Why you should stop attending diversity training

Illustration courtesy of Flickr user lumaxart

(MoneyWatch) COMMENTARY "Diversity training doesn't extinguish prejudice. It promotes it," says Peter Bregman in Psychology Today. He's not alone in his belief. Walter Olson at Overlawyered.com has collected numerous articles detailing why diversity training doesn't actually make people more tolerant. In fact, it can open your company to lawsuits, as the Federal Aviation Administration found out way back in 1995.

Bregman reports:

A study of 829 companies over 31 years showed that diversity training had "no positive effects in the average workplace." Millions of dollars a year were spent on the training resulting in, well, nothing. Attitudes -- and the diversity of the organizations -- remained the same.

It gets worse. The researchers -- Frank Dobbin of Harvard, Alexandra Kalev of Berkeley, and Erin Kelly of the University of Minnesota -- concluded that "In firms where training is mandatory or emphasizes the threat of lawsuits, training actually has negative effects on management diversity."

You would think that we would have learned something over the years, and stopped doing ridiculous trainings where we try to come up with the proper thing to say for every possible scenario. That, of course, is impossible. Add to that the fact that people hate any kind of mandatory training that they don't see as applicable to their jobs, and you end up with a situation where people think that A.) As long as they follow the exact formula explained in the the training when those exact situations occur they are fine; and B.) Joking about the boring and irrelevant nature of the training is fine. You end up with disaster.

So why do we continue to do this?

Well, for one reason, government or professional organizations sometimes require it for accreditation or licensing. (Hans Bader, an attorney with the Competitive Enterprise Institute, reports that in order to practice law in California he was required to take a class on "elimination of bias in the legal profession.")

So what would be better than diversity training? We certainly live in an increasingly diverse world. Companies need to figure out a way to get people from all backgrounds -- cultural, racial, and religious -- to work together. 

Bregman suggests communication training instead, and I agree. I would also add that instead of focusing on teaching people what they can and cannot say, focus on how people should react when something offensive comes up.

Here are five suggestions for better relationships in your office:

1. Speak up. If someone makes a joke that includes a racial stereotype that you find offensive, instead of assuming that this person hates all people of that race, speak up. Like this: "Jim, did you really mean what you just said? Because I'm not sure if you're aware, but that's a highly offensive term." Chances are, Jim will apologize and be more aware of what he is saying in the future.

2. Don't look to be offended. Start off every relationship with the idea that the person is not racist/sexist/whatever-ist. When your coworker says, "Merry Christmas!," don't scowl about how not everyone celebrates Christmas. Say, "Thanks!" Or if you want to make it clear that you don't celebrate, say, "I don't celebrate, but I hope you have a lovely time." When your boss asks a man if his wife is coming to the company party, don't assume she's saying she disapproves of his same-sex relationship. Just say, "Actually, I don't have a wife, but I do have a boyfriend and he'll be there!"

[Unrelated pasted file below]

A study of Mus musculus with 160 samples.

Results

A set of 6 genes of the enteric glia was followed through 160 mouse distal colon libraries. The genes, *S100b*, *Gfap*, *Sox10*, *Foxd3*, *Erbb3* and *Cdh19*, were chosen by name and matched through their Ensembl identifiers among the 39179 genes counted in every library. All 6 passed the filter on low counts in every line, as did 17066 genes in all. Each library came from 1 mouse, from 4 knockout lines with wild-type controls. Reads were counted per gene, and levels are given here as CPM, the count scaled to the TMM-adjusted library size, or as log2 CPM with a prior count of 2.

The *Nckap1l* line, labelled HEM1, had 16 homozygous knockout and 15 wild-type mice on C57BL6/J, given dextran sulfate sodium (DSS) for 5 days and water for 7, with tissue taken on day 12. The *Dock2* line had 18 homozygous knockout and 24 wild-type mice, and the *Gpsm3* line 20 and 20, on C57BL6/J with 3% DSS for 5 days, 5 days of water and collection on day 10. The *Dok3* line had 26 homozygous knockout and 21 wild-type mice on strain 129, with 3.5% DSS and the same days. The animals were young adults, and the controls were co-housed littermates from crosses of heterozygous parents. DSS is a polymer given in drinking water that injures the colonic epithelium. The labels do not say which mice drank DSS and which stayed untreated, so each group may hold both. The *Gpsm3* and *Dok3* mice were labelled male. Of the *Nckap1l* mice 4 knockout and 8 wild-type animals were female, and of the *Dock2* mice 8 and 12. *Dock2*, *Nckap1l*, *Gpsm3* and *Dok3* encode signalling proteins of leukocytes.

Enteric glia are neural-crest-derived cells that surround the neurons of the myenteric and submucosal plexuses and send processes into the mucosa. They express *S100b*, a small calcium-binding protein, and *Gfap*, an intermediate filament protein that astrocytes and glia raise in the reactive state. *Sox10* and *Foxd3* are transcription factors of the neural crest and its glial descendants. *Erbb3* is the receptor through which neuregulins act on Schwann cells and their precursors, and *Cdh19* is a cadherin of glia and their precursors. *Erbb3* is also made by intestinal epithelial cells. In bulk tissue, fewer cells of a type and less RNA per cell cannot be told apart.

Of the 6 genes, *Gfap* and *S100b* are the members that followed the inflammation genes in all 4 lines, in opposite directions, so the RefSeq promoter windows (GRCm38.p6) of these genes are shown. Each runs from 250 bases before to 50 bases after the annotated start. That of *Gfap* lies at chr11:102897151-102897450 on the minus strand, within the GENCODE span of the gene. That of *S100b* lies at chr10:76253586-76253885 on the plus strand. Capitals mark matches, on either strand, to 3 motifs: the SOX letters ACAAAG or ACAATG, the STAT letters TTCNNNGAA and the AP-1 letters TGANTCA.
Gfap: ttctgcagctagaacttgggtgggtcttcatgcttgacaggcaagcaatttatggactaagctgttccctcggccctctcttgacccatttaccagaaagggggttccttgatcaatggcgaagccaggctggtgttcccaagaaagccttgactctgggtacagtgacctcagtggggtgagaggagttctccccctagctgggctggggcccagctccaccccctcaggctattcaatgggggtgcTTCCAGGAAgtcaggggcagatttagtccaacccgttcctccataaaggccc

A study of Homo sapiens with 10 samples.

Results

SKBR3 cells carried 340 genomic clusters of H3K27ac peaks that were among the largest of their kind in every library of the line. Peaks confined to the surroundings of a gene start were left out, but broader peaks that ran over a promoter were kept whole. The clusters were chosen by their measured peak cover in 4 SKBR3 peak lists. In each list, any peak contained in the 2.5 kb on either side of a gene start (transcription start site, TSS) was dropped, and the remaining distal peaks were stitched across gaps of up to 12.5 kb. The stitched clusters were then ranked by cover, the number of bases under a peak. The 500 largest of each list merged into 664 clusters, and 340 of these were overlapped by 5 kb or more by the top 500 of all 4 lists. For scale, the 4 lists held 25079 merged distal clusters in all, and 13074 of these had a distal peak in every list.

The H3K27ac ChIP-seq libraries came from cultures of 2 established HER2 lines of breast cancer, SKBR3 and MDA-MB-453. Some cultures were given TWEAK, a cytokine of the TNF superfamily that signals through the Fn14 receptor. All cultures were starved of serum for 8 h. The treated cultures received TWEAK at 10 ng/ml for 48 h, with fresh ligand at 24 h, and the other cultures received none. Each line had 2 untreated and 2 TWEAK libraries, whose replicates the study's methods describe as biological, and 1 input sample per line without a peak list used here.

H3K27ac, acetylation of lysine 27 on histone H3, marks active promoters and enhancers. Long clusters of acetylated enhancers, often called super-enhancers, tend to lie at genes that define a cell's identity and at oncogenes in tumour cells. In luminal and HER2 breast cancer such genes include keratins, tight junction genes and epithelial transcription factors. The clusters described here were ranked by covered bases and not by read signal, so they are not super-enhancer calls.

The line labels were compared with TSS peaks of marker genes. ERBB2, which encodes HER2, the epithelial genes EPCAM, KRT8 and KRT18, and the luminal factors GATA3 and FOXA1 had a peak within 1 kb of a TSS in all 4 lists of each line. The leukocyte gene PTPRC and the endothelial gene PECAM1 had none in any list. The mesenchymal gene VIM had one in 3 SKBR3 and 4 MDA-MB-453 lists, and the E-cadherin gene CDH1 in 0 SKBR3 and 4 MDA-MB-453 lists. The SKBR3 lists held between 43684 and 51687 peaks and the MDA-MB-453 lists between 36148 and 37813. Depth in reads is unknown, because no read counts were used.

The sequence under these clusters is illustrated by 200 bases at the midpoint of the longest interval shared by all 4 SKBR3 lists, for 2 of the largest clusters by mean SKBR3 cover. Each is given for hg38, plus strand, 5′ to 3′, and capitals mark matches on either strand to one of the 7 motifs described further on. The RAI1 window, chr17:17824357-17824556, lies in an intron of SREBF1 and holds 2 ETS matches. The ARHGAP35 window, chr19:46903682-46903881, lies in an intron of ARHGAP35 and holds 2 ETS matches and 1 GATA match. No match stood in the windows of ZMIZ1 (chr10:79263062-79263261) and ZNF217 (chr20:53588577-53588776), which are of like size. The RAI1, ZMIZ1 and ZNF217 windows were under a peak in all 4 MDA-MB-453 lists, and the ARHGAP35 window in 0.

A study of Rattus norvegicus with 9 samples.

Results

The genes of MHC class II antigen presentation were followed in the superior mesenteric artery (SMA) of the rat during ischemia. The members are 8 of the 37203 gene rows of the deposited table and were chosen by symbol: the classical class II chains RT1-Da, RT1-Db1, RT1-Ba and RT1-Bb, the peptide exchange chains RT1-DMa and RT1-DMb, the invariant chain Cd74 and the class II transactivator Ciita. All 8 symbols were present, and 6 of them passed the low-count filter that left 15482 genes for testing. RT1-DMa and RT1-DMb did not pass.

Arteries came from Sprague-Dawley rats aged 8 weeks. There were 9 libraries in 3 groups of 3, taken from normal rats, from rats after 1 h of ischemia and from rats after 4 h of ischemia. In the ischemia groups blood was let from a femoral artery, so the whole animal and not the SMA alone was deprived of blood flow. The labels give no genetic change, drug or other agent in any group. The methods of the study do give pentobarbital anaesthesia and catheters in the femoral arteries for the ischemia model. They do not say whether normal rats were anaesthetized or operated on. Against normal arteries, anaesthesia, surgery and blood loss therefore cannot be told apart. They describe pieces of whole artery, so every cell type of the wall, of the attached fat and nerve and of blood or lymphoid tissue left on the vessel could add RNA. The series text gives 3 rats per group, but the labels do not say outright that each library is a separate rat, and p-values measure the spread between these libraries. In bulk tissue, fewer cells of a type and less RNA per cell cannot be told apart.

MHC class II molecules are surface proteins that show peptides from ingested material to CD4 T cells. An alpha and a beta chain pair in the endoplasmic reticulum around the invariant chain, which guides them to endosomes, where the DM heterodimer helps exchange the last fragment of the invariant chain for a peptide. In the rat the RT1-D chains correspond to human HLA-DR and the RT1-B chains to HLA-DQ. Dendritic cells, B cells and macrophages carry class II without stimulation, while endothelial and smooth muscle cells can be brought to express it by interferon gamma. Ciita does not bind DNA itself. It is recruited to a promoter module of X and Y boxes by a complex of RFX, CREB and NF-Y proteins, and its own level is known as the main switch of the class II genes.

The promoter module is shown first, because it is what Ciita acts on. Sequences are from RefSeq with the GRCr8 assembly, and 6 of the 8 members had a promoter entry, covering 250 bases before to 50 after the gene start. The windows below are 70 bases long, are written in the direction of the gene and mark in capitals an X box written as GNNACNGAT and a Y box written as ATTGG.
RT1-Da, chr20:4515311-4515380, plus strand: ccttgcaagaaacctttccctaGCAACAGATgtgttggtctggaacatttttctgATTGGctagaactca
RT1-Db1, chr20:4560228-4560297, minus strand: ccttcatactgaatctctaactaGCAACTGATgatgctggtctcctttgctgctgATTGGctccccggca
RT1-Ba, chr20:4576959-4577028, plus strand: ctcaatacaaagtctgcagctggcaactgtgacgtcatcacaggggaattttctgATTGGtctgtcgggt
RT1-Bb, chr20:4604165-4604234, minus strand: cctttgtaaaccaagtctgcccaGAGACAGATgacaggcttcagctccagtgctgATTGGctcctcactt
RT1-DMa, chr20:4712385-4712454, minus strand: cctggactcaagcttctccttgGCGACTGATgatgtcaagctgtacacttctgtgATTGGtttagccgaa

3. Treat everyone nicely and fairly. Discrimination lawsuits come up because people feel they are being treated unfairly. If we make a blanket rule that we are nice and fair to everyone, this ceases to be a problem. If you are the manager, you need to document bad behavior in every employee. You also need to document good behavior. Give feedback to everyone in a timely manner.

4. Look to yourself first. We often see what we expect to see. If every time you turn around you find yourself being treated poorly because of your race/sex/national origin, do some deep thinking and try to figure out if that's really the case. The reality is, there are plenty of equal opportunity jerks out there. Just because someone is rude to you doesn't mean they are only rude to people that look like you. They are most likely rude to everyone. The other reality is, it's possible to find discrimination around every corner, even if it doesn't exist. Start with the assumption that people are good people rather than the assumption that people don't like your particular characteristic.

5. Report truly discriminatory behavior to HR or the chain of command. If you've spoken up, examined your own motivations, treated those around you fairly and still have evidence of discrimination, you must report it. Provide your documentation and be clear about what it is you're complaining about. Employee attorney Donna Ballman has helpful tips on how to report a complaint. This one is the most important:

Put your complaint in writing if you haven't already. Make sure you call it a "Formal Complaint of Racial [or Sexual/Age-Based/National Origin, etc.] Harassment [or Discrimination]." That way they can't claim later you only reported general harassment or bullying.

No. 5 is generally a last resort -- unless the behavior was egregious to begin with, which it isn't in most cases. But if you get to that point, it's important to do it properly.

And if you get assigned to attend diversity training of some sort, bring a book to read under the table and try not to pay attention. According to at least some research, you're better off that way.

Illustration courtesy of Flickr user lumaxart.